UPDATE: Henderson named acting chief


COURTESY PHOTO: KOIN 6 NEWS - Portland Police Chief Larry O'Dea has been placed on administrative leave while an investigation continues into an April hunting accident in Eastern Oregon. Portland Mayor Charlie Hales has placed Police Chief Larry O'Dea on administrative leave during an investigation of whether he lied about accidentally shooting his friend on a hunting trip.

Willamette Week broke the news of the shooting on Friday and reported on Sunday that O’Dea told Hales on April 25 he’d accidentally shot a friend. Harney County Sheriff Dave Ward issued a statement on Monday, revealing that O'Dea had apparently had misled investigators — telling them the shooting was self-inflicted. The Oregonian got the first interview with Ward and first reported details from the Harney County dispatch log, including that the victim was flown by Life Flight helicopter to Boise.

HENDERSONHours after placing O’Dea on leave, Hales appointed Assistant Chief Donna Henderson to replace him as acting chief. Henderson oversees the bureau’s investigations branch.

Henderson has been with the bureau since July 1988. In 1993, she was promoted to detective. Five years later, she was promoted to lieutenant and become the Hostage Negotiation Team commander. She became a captain in 2001 and was assigned to the bureau’s Personnel Division. Four years later, she took command of the Transit Police Division. In 2012, Henderson became a commander in the Detective Division.

Turmoil and confusion

According to an announcement from Mayor Charlie Hales, O'Dea is out pending the outcome of internal and external investigations.

“We need our Police Bureau operating at its best, and our officers can’t do that when there’s turmoil and confusion surrounding their leader,” Hales said in the statement. “Chief O’Dea has been providing excellent service as our police chief, and now needs to focus on these investigations. He and I agree that going on administrative leave during these open investigations is in the best interest of the Bureau and the city.

“I am awaiting the outcome of internal and external investigations before commenting about the incident, and urge all Portlanders to do the same.”

If O'Dea is found to have been untruthful, he faces being stripped of his police certification. He is not commenting and it's unclear what he will tell investigators; there had been initial speculation that he might resign Tuesday.

O'Dea, who took over the job in January 2015, has led the bureau at a time when it faces a shortage of officers despite a steady increase in calls requiring response. He and Hales have pushed the City Council for more funding and pay raises to try to stem the flow of officers leaving the department to retire, join other departments, or both.

To combat the shortage of officers, O'Dea moved their work schedule from three shifts per day to five overlapping shifts, in an effort to be more efficient. But the move has been unpopular and fueled perceptions of a top-down management style, contributing to poor morale among officers who say the new policy is not family friendly. A union grievance has reportedly been filed over the failure to negotiate the change with the Portland Police Association.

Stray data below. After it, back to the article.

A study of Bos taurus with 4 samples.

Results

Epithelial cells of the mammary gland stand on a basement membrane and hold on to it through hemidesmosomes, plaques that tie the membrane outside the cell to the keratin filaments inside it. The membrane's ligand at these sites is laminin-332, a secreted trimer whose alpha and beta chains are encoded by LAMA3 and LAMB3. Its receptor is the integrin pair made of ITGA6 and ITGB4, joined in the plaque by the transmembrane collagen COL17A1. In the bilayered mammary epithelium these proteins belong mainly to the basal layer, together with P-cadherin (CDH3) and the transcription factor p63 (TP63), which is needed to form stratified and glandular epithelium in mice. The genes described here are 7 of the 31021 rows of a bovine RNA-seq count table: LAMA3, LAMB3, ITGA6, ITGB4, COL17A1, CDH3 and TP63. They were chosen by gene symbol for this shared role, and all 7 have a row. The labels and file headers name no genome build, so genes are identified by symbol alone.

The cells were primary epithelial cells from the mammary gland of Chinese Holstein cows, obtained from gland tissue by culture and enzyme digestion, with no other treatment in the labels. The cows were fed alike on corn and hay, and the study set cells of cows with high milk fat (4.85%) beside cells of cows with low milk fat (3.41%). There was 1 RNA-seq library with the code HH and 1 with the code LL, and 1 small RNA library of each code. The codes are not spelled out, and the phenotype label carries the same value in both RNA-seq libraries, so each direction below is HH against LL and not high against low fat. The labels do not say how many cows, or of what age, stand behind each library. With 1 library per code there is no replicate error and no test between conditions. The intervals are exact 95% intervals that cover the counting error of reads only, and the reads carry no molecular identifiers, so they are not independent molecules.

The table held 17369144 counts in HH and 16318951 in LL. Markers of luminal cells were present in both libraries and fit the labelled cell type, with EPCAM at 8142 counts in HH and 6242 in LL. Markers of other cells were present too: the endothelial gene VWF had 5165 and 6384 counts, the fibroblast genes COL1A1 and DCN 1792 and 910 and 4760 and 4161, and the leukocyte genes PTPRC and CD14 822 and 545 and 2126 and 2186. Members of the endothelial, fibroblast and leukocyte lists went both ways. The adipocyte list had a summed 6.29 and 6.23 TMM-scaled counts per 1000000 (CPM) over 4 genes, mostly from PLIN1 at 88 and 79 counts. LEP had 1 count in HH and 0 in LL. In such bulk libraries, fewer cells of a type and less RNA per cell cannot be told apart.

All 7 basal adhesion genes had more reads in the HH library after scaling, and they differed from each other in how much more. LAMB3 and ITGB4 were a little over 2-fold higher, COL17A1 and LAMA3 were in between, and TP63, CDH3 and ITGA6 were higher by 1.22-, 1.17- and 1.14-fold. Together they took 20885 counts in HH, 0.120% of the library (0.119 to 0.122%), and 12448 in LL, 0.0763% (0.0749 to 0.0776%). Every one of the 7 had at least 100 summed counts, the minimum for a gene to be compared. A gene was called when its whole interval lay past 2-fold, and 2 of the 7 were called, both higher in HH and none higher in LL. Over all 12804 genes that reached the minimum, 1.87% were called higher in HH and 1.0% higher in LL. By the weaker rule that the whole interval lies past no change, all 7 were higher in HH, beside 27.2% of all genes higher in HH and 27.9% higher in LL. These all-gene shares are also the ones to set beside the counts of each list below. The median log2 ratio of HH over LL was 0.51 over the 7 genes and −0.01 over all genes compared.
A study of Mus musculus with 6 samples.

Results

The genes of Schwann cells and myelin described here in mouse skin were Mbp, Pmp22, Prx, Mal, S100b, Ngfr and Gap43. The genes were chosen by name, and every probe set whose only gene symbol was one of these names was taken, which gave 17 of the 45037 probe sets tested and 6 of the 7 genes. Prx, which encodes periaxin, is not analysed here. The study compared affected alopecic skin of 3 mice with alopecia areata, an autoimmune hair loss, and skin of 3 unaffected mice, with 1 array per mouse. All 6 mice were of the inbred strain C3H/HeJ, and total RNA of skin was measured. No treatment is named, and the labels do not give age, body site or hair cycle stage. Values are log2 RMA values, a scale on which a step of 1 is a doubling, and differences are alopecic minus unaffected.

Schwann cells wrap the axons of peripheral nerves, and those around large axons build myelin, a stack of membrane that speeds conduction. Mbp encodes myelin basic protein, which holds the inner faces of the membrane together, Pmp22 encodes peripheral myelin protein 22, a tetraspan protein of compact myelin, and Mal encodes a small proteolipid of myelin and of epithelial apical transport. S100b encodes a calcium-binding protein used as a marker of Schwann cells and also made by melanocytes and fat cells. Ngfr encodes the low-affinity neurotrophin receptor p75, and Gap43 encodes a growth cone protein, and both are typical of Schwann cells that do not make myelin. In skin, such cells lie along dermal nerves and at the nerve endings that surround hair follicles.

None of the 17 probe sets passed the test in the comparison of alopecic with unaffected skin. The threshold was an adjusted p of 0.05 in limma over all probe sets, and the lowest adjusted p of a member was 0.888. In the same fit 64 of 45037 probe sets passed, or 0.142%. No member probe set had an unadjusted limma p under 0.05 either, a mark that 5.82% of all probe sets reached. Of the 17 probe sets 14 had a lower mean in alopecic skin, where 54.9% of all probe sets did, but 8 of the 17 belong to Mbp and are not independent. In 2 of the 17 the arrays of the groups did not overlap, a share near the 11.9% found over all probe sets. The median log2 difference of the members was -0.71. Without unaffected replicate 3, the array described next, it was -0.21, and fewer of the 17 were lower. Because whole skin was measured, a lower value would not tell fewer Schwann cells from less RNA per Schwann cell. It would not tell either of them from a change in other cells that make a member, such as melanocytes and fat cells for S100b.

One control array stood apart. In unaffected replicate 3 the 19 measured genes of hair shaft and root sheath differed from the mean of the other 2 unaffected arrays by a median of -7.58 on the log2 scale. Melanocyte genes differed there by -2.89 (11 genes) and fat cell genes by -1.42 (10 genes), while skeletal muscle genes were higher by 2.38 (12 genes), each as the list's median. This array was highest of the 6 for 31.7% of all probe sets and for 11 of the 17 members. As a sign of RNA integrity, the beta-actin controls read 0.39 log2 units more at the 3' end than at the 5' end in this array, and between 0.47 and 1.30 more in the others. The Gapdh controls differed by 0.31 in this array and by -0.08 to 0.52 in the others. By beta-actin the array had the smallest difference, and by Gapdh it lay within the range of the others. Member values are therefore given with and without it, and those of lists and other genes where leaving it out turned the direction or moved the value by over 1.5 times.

Last month, O'Dea briefly boycotted public meetings of the Independent Police Review Division over complaints of unruly audience behavior. Later on, IPR Director Constantin Severe gave O'Dea credit for resolving the impasse, citing a down-to earth style that helped negotiate changes to meeting protocol with members of the division's citizens review committee.

Multiple investigations

According to Hales, the Oregon Department of Justice and Portland Police Bureau are also investigating O'Dea's handling of the incident.

O’Dea has been prohibited by IPR from discussing the facts of the case.

Assistant Chief Donna Henderson will serve as acting chief while Chief O’Dea is investigated.

The city's announcement that O'Dea would be place on paid leave came shortly after the Portland Police Association called for O'Dea to "step aside" during the investigation.

Here is the union's news release:

The rank and file of the Portland Police Bureau live and work by a standard and code of conduct set forth by the chief of police, his managers, and most of all, by the needs and the expectations of the evolving and diverse communities we serve. When the standard is breached, there is an extensive investigation process in place that assures full disclosure and transparency to the public as well as every member of the Bureau. However, the expectation of this standard of transparency and trust does not and should not be exclusive to the rank and file; it must also include our command staff, supervisors, managers, and the chief himself.

Based on the severity of the allegations regarding an incident in Harney County involving Chief Larry O’Dea, we strongly believe that Chief O’Dea should step aside during the investigation.

This incident has compromised the integrity of the Police Bureau, and should not be a reflection on our sworn and non-sworn members who work tirelessly and diligently to build trust and respect within our community.